I will love the light for it shows me the way, yet I will endure the darkness for it shows me the stars. — Og Mandino

po_RedstoneMercury-Redstone 2 (MR-2) was the penultimate test flight of the Mercury-Redstone Launch Vehicle prior to the first manned American space mission in Project Mercury.

It was launched on January 31, 1961 from Cape Canaveral, Florida. Mercury spacecraft No. 5 carried Ham the Chimp, a chimpanzee, on a suborbital flight, landing in the Atlantic Ocean 16 minutes and 39 seconds after launch.

po_RedstoneHamSix chimpanzees (four female and two male) and 20 medical specialists and animal handlers from Holloman Air Force Base, New Mexico, where the chimps lived and were trained, were moved into quarters behind Hangar S at Cape Canaveral, Florida on January 2, 1961. The six chimps were trained in Mercury simulators for three weeks. The day before the flight, two chimps were chosen for the mission: one primary, Ham, and one backup, a female chimp named Minnie. The competition was fierce, but Ham was full of energy and good humor. Ham was named in honor of Holloman Aerospace Medical Center. Ham was from Cameroon, Africa, (original name Chang, Chimp No. 65) and was purchased by the USAF July 9, 1959. He was 3 years 8 months old at launch.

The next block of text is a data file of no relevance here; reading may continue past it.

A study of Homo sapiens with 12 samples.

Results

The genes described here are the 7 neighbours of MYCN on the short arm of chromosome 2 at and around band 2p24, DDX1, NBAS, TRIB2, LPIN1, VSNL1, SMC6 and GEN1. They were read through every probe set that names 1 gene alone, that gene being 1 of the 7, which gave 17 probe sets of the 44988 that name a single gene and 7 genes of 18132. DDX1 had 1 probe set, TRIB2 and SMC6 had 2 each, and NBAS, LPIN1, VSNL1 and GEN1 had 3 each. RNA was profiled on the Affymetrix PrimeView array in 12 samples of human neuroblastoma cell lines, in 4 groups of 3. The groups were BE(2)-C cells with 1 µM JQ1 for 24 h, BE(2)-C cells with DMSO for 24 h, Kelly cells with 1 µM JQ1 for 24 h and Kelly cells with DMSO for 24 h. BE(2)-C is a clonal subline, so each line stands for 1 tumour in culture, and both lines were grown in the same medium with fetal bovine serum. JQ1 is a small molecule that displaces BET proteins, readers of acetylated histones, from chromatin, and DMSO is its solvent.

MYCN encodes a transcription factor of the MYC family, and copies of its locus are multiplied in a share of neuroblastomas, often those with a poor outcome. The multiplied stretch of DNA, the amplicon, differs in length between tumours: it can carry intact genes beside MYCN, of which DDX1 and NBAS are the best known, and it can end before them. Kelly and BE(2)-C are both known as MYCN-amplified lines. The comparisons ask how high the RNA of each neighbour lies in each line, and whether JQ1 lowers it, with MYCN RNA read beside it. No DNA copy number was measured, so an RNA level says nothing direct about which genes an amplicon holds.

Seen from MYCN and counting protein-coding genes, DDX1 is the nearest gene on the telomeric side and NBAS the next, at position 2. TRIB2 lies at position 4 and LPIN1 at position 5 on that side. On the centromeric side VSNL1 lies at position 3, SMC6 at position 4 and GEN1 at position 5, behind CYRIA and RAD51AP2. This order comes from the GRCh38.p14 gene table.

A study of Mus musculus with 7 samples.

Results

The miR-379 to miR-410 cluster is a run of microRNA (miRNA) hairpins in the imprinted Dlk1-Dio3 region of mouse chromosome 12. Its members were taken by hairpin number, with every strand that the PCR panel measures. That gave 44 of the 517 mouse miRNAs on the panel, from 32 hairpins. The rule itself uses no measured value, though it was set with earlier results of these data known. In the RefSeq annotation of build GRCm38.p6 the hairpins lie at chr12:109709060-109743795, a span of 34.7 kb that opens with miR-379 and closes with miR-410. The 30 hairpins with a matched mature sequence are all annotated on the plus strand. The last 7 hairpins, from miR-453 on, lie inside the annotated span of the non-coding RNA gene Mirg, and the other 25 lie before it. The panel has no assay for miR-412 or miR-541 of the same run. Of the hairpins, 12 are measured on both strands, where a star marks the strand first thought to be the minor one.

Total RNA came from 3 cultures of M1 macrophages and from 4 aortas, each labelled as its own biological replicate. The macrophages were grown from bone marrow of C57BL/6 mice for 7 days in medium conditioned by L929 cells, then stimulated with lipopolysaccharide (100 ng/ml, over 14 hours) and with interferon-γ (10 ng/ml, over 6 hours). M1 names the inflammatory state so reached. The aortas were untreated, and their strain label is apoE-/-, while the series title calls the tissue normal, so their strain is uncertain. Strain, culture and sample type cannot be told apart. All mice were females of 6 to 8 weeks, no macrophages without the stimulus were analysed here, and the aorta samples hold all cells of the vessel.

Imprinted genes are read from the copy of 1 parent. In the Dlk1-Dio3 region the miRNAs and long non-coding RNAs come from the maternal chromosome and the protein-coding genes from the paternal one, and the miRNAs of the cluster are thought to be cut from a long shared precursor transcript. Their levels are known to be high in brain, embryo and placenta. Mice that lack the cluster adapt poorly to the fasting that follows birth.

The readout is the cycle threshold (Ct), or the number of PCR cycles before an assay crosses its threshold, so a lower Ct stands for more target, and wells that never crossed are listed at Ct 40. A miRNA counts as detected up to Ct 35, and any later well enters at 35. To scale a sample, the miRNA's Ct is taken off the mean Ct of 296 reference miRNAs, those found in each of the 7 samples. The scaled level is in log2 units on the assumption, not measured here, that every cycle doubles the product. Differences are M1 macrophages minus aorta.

po_RedstoneHam3Ham performed his tasks well, pushing levers about 50 times during the flight. On-board cameras filming Ham’s reaction to weightlessness showed a surprising amount of dust and debris floating around inside the capsule during apogee. After his spaceflight, Ham was transferred to the National Zoo in Washington, D.C. for 17 years and then in 1981 was moved to a zoo in North Carolina to live with a colony of other chimps. He died on January 19, 1983, at the age 26. Ham is buried at the New Mexico Museum of Space History in Alamogordo, New Mexico. He was one of many animals in space.

Ham’s backup, Minnie, was the only female chimp trained for the Mercury program. After her role in the Mercury program ended, Minnie became part of an Air Force chimp-breeding program, producing nine offspring and helping raise the offspring of several other members of the chimp colony. She was the last surviving astro-chimp. She died at the age of 41 on March 14, 1998.